Easily the biggest challenge network administrators face today is how to reduce latency for time-sensitive applications. Compounding the problem, is the fact that when applications and data reside inside public clouds, you lose end-to-end control and visibility over the network. What can happen is that latency becomes so bad that the usability of the cloud application suffers, end-users start complaining, and the IT department gets the blame. You need to stay ahead of major latency problems before they become noticeable to the end user.
The number of real-time cloud applications we rely on within the enterprise is growing at a rapid pace. Cloud-based telephony systems, video conferencing, contact centers, and other collaboration tools consume increasing quantities of Internet bandwidth and demand low round trip time (RTT) latency, jitter, packet loss and packet reorder numbers. Latency not only has to be low on the corporate LAN, but also onto the Internet where the public cloud services reside.
The first thing that administrators must understand when dealing with lowering latency for public cloud apps is that they are unlikely to have full end-to-end control of the network. While it's easy to identify network issues on a privately-owned LAN, most connectivity to public cloud services use the Internet as transport. From an Internet Service Provider (ISP) perspective, they are only responsible for providing uptime and throughput service levels according to the contract the customer agrees to. When it comes to service level agreements (SLAs) for latency and jitter, there are no such guarantees.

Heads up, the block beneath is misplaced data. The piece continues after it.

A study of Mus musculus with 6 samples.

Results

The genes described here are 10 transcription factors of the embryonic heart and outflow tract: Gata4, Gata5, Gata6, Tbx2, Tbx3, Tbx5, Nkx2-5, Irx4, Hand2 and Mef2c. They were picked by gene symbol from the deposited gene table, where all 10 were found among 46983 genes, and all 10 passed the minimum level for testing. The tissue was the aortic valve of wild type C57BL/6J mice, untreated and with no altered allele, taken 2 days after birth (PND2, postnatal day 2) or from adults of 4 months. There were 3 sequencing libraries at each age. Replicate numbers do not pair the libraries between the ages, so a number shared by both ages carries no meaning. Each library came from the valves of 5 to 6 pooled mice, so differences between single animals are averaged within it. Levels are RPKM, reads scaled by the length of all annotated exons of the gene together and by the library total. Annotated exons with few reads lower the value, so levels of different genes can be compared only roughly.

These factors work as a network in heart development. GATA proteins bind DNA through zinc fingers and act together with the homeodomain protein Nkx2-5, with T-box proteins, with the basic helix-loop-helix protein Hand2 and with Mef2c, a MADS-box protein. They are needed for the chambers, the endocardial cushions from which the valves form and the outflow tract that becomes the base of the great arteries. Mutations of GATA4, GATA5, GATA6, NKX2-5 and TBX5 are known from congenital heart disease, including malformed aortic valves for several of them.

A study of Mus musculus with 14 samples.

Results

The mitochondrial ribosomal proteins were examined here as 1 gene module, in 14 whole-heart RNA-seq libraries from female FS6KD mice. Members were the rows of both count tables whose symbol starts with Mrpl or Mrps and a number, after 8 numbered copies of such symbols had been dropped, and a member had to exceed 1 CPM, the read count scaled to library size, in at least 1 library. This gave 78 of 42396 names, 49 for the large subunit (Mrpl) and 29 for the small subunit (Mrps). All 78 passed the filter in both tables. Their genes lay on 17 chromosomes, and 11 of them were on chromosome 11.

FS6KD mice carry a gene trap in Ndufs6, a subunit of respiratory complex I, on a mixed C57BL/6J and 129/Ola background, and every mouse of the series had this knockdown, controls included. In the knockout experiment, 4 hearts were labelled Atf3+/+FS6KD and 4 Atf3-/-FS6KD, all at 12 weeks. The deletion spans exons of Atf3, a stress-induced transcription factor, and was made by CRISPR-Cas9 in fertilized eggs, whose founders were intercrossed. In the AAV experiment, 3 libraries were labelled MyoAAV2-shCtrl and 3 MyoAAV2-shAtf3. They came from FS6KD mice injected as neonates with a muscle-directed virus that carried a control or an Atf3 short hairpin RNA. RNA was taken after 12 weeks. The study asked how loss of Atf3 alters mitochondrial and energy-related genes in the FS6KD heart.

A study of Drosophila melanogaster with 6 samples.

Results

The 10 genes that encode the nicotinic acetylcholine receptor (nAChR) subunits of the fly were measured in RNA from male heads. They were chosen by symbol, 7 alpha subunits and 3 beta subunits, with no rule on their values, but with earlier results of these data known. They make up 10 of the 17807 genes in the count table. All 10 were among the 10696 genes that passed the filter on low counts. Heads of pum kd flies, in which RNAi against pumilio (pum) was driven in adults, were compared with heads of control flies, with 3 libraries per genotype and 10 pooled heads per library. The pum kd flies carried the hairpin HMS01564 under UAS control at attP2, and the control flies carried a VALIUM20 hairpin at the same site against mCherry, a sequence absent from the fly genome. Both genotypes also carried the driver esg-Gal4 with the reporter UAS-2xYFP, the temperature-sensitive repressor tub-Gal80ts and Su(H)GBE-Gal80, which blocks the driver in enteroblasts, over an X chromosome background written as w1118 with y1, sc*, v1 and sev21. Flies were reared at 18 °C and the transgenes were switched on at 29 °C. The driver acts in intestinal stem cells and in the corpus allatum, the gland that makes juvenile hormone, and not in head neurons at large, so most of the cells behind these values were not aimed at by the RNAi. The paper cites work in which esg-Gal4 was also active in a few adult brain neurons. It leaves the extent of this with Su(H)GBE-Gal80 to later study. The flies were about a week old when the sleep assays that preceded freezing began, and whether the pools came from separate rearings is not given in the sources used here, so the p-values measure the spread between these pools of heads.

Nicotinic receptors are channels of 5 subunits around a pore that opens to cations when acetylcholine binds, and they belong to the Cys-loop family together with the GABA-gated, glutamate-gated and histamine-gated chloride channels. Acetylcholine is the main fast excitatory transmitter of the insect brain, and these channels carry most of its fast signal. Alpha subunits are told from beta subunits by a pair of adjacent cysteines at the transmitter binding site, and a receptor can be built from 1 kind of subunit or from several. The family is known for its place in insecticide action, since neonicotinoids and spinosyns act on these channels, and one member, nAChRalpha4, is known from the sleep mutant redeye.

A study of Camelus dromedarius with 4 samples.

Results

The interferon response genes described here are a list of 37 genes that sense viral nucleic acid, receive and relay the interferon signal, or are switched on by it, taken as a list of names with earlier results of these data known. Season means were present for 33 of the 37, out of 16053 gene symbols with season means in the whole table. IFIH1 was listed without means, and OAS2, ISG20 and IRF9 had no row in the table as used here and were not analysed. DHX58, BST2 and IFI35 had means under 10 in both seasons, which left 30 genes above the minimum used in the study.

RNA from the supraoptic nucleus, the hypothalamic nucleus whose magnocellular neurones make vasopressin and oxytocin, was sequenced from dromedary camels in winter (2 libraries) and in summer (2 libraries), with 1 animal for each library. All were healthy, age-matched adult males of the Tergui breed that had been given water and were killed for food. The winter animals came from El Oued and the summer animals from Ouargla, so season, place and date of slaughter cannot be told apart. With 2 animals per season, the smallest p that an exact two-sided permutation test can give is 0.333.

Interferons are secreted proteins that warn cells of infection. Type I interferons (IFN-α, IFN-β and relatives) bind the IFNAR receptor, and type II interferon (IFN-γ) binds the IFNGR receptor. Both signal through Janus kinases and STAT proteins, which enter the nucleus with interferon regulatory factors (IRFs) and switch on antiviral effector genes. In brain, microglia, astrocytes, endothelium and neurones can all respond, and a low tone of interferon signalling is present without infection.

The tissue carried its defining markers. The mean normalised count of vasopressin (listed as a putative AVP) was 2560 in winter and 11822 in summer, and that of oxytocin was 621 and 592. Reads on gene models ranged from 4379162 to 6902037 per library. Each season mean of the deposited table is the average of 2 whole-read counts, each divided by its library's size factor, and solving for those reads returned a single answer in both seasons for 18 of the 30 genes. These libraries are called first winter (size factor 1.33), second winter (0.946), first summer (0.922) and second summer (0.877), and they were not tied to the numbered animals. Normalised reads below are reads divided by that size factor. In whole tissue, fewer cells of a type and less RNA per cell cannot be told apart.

That's why it's so important to understand -- and to let business leaders know -- that the use of the Internet for transport will never be completely reliable from a latency perspective. That said, Internet connectivity and latency have improved over the years to the point where enterprise organizations are more willing to accept the risk of the potential for latency/jitter to receive the inherent benefits found in leveraging public cloud services for both apps and data. Additionally, because we're seeing a shift towards companies using a mobile and distributed workforce, leveraging the Internet to connect remote users to company services in the cloud just makes sense.
Despite understanding that we may not be able to fully control latency to the public cloud, there are techniques to identify and potentially reduce latency in areas of the network you do have control over. In this slideshow, we're going to look at nine different ways administrators can stay ahead of the game in terms of managing latency to all types of public cloud services. Whether your end-user are already complaining about slowness when using their cloud apps -- or if you simply want to improve latency before it becomes a problem -- this slideshow is for you.